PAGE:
CFIers Join Leading Secularists in Pondering the Future of Humanism

August 30, 2010

What is the future of humanism? How might we spread secular moral and ethical values? What is their importance and what would be their impact? These are just some of the questions weighed by secularist thinkers in a collection of essays released today on, a Web site devoted to dialogue and information on religion and spirituality.

The symposium on humanism is one part of a larger summerlong series at Patheos called the Future of Religion. The series has featured on a weekly basis essays from varied authors on the future of a different religion. The focus for the week starting Aug. 30 is the Future of Humanism (to be sure, many or even most secularists and humanists do not consider humanism a religion, but fear not: that is covered in several essays).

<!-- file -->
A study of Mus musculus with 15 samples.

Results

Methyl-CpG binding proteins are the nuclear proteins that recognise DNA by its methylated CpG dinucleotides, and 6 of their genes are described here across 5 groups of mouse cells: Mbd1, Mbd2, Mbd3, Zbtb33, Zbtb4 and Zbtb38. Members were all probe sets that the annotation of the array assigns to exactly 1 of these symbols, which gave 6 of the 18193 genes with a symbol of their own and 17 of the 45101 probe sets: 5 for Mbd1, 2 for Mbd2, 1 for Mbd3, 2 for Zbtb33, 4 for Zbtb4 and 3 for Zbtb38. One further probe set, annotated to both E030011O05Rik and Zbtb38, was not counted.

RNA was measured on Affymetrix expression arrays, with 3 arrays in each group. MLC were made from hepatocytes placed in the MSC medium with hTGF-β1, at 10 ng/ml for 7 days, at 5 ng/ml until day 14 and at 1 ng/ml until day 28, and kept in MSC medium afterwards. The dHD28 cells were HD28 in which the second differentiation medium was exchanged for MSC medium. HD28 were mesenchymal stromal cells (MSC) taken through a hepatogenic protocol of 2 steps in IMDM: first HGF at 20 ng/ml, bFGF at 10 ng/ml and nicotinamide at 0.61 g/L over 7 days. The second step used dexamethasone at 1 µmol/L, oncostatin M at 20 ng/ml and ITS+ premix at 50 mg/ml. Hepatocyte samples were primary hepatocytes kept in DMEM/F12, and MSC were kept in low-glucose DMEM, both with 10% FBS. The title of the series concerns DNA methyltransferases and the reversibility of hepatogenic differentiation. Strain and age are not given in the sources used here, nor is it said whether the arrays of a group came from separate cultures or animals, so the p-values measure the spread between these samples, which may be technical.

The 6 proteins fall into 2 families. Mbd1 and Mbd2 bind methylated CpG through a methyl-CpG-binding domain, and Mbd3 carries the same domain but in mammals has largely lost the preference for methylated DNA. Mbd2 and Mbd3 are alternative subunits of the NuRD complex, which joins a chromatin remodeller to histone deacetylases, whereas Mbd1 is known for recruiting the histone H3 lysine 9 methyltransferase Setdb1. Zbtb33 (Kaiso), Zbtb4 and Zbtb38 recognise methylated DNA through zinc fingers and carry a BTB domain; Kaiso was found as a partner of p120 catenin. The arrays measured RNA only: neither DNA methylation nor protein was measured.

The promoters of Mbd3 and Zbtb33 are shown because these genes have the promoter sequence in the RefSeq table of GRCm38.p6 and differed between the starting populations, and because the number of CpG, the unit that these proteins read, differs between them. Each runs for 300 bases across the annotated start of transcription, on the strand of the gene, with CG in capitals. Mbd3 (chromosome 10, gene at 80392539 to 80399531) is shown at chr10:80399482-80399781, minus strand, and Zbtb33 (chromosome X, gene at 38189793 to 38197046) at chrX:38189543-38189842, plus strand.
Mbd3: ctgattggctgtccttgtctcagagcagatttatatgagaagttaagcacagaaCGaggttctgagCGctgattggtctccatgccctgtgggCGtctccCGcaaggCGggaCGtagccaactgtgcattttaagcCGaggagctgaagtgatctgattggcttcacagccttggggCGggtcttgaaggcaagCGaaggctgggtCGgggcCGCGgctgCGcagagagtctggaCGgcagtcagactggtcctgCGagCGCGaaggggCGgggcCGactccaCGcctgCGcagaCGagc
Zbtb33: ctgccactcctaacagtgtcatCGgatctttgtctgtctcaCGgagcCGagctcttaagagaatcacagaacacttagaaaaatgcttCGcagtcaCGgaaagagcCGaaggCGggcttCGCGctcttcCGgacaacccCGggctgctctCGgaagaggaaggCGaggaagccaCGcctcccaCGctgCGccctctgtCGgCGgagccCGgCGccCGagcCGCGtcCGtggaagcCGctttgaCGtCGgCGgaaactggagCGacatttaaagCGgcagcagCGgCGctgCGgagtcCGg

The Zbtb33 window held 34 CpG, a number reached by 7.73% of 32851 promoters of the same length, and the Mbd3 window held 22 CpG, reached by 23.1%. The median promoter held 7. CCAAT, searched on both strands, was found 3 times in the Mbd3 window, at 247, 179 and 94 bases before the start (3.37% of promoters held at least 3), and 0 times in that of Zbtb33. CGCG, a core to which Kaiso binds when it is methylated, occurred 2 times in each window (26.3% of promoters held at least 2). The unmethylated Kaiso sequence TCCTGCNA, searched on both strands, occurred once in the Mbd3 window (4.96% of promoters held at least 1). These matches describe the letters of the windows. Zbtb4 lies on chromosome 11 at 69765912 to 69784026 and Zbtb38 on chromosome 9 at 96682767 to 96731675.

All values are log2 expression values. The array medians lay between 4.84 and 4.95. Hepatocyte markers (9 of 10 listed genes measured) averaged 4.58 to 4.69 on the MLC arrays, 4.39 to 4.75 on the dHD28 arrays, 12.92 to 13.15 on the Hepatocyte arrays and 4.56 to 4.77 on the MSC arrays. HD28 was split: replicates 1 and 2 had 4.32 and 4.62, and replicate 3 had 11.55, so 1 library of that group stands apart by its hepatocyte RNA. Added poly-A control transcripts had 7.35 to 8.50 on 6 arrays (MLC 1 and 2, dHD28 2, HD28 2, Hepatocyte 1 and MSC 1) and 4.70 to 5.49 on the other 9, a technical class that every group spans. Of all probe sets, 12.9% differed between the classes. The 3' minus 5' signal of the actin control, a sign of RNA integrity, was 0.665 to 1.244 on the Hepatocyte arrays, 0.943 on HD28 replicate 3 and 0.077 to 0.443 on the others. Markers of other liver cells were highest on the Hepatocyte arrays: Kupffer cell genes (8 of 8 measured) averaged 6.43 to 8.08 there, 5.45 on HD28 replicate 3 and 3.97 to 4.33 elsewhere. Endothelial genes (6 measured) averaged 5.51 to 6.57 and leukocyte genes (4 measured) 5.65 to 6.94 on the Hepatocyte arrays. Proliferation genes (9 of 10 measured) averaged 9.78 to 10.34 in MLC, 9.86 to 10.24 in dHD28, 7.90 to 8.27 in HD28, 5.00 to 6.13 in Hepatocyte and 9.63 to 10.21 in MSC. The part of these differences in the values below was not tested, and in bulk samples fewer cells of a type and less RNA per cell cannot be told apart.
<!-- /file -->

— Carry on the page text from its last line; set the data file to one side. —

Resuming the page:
Contributors include two CFI representatives -- CEO and President Ron Lindsay, and yours truly -- along with Hemant Mehta, Greg Epstein, Ed Buckner, Taner Edis, David Silverman, Roy Speckhardt, and Chris Highland. Lindsay's article is titled "The Prospect for Humanism: The Hope of a Secular Society." In it, he discusses how traditional theism is slowly being replaced with belief in an attenuated, impersonal deity or complete rejection of the supernatural. My essay is titled "Humanism's Future Hinges on Secular Discourse." I posit that all beliefs that influence social or political affairs should be exposed to critical reasoning, and that reasons for those beliefs must be clear and understandable to all citizens.

As you can see, each author has his own approach. Given the diversity of opinions, and the importance of the topic, I think you will find all of the essays worth reading. Click here to access them on the Future of Humanism page.